The surgeons at Knox Orthopaedic Group provide care for patients who have sustained orthopaedic trauma injuries. These include both bony and soft tissue injuries to the upper and lower limbs and pelvis. These injuries commonly occur following falls or during sporting activities.
Patients with significant orthopaedic trauma are often taken by ambulance to an emergency department. Knox Private Hospital has a large emergency department facility, which is staffed 24 hours per day and 7 days per week. The specialist emergency doctors at Knox Private Hospital often refer orthopaedic trauma patients to the surgeons at Knox Orthopaedic Group.
Patients who have sustained fractures or joint injuries in general are treated with the RICE protocol. This involves Rest and Ice and Compression and Elevation.
The surgeons at Knox Orthopaedic Group will take a thorough history from a patient who has sustained orthopaedic trauma. The injured area will be examined. X-rays are essential to diagnose fractures, and to investigate joint injuries. Other tests may be necessary. This may involve CT scans, MRI scans, or ultrasound scans.
Treatment of fractures may involve supporting the injury with a plaster or a splint. More significant injuries may require bracing or surgery. Surgical fixation of fractures often requires an open reduction and internal fixation (ORIF). Plates may be applied to some broken bones. Fractures of the long bones, such as the femur and the tibia are treated by insertion of titanium intra-medullary rods. Displaced fractures in the hip joint may require hip replacement surgery.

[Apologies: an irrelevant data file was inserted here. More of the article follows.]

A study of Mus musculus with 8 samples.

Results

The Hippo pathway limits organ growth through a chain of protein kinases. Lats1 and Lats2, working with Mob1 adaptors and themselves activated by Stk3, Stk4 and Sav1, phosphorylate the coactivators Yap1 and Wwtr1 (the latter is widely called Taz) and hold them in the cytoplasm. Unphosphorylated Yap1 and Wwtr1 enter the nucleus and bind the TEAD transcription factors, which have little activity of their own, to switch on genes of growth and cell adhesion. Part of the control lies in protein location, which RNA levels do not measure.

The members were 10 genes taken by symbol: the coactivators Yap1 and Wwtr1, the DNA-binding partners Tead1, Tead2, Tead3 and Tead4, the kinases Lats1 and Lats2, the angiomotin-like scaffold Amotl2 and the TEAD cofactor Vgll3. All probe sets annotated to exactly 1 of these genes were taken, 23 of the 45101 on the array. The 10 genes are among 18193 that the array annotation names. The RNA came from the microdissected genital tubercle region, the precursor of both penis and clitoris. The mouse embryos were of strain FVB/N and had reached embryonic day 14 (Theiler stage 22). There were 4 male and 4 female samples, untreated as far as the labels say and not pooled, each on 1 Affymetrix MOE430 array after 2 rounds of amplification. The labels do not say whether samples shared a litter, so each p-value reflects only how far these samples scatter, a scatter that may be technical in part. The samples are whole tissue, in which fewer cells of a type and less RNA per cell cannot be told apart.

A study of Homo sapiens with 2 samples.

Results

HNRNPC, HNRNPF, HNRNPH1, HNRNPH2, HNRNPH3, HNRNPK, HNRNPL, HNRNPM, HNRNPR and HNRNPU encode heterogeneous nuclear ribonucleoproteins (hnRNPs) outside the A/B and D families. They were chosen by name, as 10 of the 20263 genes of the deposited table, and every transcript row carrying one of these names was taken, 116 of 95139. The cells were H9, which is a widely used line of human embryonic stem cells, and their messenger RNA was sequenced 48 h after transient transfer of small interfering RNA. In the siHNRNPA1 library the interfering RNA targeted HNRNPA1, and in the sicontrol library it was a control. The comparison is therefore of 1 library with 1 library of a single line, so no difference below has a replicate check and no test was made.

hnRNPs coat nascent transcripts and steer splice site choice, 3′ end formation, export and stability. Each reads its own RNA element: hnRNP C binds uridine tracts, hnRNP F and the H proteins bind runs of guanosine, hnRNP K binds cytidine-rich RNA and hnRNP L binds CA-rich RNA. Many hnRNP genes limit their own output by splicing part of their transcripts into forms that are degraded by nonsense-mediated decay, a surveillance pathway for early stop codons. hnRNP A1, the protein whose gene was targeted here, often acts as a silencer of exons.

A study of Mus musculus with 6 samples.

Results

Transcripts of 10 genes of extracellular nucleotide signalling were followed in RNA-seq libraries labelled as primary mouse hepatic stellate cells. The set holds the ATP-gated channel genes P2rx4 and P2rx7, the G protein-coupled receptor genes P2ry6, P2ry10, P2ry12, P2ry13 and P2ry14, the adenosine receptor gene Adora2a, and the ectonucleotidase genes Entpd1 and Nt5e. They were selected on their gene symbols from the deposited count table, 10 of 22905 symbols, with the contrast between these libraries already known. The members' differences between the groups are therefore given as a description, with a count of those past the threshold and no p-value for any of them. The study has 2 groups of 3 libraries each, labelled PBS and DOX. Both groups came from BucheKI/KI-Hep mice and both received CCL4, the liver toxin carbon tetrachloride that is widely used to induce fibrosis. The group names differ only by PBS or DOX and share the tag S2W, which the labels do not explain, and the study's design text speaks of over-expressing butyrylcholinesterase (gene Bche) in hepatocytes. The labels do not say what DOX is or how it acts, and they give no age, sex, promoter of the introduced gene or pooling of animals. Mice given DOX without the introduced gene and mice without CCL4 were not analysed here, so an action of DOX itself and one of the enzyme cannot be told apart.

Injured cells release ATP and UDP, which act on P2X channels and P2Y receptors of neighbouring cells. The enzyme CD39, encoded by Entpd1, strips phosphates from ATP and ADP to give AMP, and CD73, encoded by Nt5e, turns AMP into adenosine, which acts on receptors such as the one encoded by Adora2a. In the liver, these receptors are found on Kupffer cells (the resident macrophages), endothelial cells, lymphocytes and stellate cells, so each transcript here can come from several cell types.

The risks as well as the benefits of any orthopaedic trauma treatment will be thoroughly discussed at the time of consultation. Non-operative and operative treatment options will be explained.
The surgeons at Knox Orthopaedic Group regularly review their orthopaedic trauma patients until they have achieved a good recovery. Physiotherapists will frequently be involved in the rehabilitation of trauma patients in order to achieve an optimal recovery.
Full functional recovery is the ideal outcome for trauma however this may not always be possible. The best outcome possible can be achieved if patients adhere to the instructions provided by the surgeons and physiotherapists.
Some patients will have been smoking up to the time of their injury. As smoking dramatically impairs bone and soft tissue healing, it is vital that patients discontinue smoking at least until full healing has occurred. Nicotine patches can be very helpful at this time.